Los Angeles will use a lot of existing facilities if it gets the 2024 Olympics, such as the Staples Center.
Los Angeles will use a lot of existing facilities if it gets the 2024 Olympics, such as the Staples Center.Jeff Gross/Getty Images

Toronto said thanks anyway but maybe next time. Doha said not again, as did Baku, albeit with prompting from Lausanne. Neither of the South African potentials — Johannesburg and Durban — deemed a candidacy possible.

Thus, in a year when the International Olympic Committee did everything but offer toaster ovens to get cities to bid for the 2024 Summer Games, the formal list of candidates ended up at five: Paris, Rome, Los Angeles, Hamburg, and Budapest. That's half as many as it was for 2008, when everyone from Havana to Bangkok had five-ringed fever.

And that's with IOC president Thomas Bach promising $1.7 billion in guaranteed cash and services and declaring that "every organizing committee can be confident to have a profit." Olympic profits, of course, are a matter of creative bookkeeping, of shifting costs from the operating budget to the construction budget. That's how Beijing turned a "profit" of $146 million on Games that cost $40 billion and how Sochi made $53 million on its $50 billion outlay.

The numbers that jump off the ledger sheet and that kept all but two of the interested 2022 winter candidates on the sidelines are the ones with 11 figures. That's why the IOC, in last year's Agenda 2020 reforms, made a point of saying that cities could use existing, temporary, and demountable facilities to save cash.


Few cities can look seven years into the future with enough clarity and certainty to feel comfortable taking on the colossal financial challenge that the Games have become. For most bidders, they're a global sideshow for a massive urban renewal project, the reason to fast-forward every expensive infrastructure item that has been delayed for decades.


That was the case in 1984, when only the pool and velodrome had to be built from scratch and the organizers got McDonald's and 7-Eleven to pay for them. That wouldn't change much for 2024, when the big-ticket item would be the Olympic village. Los Angeles used the dorms at USC and UCLA last time but would rely on a private developer to invest $1 billion building athlete housing on the site of the Union Pacific rail yard that it could sell later.

Los Angeles will renovate the Coliseum and plunk down a temporary pool next door and use a bunch of existing facilities like Staples Center, Pauley Pavilion, and the Forum. No city on earth has more suitable stadia and arenas than Los Angeles, which is why it's a formidable challenger to Paris, the consensus favorite.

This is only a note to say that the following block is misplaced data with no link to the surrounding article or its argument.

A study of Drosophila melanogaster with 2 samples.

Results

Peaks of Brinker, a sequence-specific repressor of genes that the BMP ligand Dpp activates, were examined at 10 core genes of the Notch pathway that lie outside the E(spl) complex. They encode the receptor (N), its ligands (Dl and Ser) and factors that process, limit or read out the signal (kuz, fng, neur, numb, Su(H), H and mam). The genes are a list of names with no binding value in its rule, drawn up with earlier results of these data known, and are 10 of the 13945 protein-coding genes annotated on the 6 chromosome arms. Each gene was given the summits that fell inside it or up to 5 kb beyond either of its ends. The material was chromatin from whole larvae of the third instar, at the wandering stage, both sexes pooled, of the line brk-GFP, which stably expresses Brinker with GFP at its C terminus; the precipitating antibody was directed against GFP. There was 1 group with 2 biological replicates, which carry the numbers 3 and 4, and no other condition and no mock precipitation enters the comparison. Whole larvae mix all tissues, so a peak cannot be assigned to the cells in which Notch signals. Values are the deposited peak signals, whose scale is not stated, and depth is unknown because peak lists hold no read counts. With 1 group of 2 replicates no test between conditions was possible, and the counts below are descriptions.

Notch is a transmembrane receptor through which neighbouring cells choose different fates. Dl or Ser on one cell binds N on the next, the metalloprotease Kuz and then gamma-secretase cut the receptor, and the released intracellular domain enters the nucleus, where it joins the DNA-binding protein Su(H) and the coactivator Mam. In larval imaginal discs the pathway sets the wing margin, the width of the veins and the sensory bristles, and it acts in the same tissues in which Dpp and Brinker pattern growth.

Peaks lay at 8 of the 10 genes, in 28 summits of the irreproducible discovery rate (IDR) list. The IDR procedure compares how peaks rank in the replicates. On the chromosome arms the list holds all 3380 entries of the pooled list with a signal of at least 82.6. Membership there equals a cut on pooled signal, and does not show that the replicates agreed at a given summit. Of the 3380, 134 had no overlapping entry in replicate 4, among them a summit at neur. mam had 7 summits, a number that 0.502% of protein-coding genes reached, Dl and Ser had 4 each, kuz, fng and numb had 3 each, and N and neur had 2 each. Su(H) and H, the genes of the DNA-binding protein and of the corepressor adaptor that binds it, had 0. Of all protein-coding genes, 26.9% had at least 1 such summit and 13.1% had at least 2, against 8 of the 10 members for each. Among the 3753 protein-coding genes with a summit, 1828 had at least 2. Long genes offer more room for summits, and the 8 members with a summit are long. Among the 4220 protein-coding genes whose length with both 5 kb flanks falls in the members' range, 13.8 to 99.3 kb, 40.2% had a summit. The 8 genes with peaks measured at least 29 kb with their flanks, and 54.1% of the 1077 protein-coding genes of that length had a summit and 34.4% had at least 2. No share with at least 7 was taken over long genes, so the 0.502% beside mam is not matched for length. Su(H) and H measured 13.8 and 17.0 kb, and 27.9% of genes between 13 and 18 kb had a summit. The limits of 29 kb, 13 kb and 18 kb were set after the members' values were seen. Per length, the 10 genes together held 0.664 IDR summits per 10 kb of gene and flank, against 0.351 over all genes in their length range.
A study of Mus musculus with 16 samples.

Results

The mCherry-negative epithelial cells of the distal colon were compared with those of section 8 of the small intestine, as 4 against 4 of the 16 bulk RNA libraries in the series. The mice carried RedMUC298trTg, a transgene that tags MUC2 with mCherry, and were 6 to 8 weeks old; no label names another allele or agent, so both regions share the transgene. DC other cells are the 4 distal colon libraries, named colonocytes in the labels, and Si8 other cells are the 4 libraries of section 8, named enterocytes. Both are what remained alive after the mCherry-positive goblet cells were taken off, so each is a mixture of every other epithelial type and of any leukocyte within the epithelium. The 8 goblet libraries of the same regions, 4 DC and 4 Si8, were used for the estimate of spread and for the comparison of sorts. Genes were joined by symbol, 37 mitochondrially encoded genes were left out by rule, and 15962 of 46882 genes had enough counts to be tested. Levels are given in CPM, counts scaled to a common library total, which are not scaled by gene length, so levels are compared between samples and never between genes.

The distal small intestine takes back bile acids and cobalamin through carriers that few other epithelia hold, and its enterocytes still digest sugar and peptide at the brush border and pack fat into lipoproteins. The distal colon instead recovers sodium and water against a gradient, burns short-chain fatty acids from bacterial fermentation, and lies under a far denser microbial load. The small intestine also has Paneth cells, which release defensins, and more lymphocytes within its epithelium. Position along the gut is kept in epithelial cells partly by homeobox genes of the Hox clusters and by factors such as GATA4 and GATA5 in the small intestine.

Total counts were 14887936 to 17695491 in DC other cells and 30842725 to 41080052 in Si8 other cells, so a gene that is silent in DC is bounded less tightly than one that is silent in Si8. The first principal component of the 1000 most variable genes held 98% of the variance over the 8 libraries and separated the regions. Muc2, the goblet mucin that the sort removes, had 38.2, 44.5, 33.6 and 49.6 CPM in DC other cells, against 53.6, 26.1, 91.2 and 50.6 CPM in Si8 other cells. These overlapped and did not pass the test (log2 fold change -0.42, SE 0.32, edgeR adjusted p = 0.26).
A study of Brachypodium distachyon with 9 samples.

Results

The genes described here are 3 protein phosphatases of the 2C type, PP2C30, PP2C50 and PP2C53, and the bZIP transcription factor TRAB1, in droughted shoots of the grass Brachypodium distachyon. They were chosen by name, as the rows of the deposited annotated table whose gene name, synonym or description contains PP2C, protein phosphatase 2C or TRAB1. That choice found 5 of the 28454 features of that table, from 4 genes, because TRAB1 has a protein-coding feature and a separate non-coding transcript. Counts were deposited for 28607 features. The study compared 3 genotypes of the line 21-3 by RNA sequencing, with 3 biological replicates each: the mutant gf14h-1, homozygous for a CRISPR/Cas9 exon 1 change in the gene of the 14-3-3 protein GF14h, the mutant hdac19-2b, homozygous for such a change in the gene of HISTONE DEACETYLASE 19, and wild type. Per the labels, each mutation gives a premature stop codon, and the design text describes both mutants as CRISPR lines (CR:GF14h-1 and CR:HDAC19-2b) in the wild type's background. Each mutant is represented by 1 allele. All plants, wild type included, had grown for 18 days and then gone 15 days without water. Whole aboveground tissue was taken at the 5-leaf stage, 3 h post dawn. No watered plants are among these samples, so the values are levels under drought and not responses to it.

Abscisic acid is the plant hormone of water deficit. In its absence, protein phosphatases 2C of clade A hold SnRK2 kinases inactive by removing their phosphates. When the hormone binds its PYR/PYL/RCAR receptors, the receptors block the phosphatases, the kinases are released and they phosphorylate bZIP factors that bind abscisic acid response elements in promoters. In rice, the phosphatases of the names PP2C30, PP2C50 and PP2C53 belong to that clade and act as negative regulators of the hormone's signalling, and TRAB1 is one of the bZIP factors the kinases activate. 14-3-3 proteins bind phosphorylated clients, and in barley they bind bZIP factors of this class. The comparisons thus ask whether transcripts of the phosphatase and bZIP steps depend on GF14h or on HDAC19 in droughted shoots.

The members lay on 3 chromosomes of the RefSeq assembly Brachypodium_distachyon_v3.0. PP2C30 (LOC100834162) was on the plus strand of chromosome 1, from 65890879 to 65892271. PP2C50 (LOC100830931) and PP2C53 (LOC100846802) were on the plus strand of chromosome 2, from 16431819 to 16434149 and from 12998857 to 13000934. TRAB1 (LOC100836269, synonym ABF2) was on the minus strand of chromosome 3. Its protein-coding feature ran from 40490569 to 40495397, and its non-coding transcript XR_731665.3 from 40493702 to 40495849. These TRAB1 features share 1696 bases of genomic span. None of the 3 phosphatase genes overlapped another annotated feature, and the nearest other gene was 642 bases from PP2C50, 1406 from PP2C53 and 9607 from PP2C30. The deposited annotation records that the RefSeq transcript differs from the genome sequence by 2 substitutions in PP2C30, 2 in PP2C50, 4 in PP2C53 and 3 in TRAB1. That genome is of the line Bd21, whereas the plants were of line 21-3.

While Rome still has usable sites from the 1960 Games such as the Stadio Olimpico in the Foro Italico, the Eternal City pulled out of the 2020 race because the national government wouldn't underwrite the cost and could be a casualty again if the Italian economy slides back into recession. And Budapest, which joined the chase because of Agenda 2020's promise of cheaper, simpler alternatives, won't be able to stay in if things get pricey, which they invariably do around Olympus.

At a time when Europe is facing social upheaval, a humanitarian crisis, and a wobbly euro, an American candidate, particularly one that has staged the Games twice, is exceptionally attractive. That's why the IOC was willing to give the USOC a mulligan when the Boston bid was yanked abruptly. But Bach made it clear that the Americans had made a commitment to step up to the plate this time. Fortunately, they had an experienced pinch hitter on deck.

Not that the timing is ideal. Paris, the 11-8 favorite by London oddsmakers, already has a working stadium with a track and picture-postcard venues such as the Grand Palais and the Champ de Mars. It has bid three times since Los Angeles was chosen by walkover and would be celebrating the centennial of its last Games.


What helps LA is that the members of four continents with no contenders are up for grabs and that its rivals will divvy up the European votes. That would have been true for Boston as well, but the Hub was a riskier choice and the IOC has a new appreciation for risk, which is why it chose snowless Beijing over Almaty for 2022. In a day where quality trumps quantity, a twice-used Coliseum is a better bet than a Hungarian castle in the sky.


John Powers can be reached at jpowers@globe.com.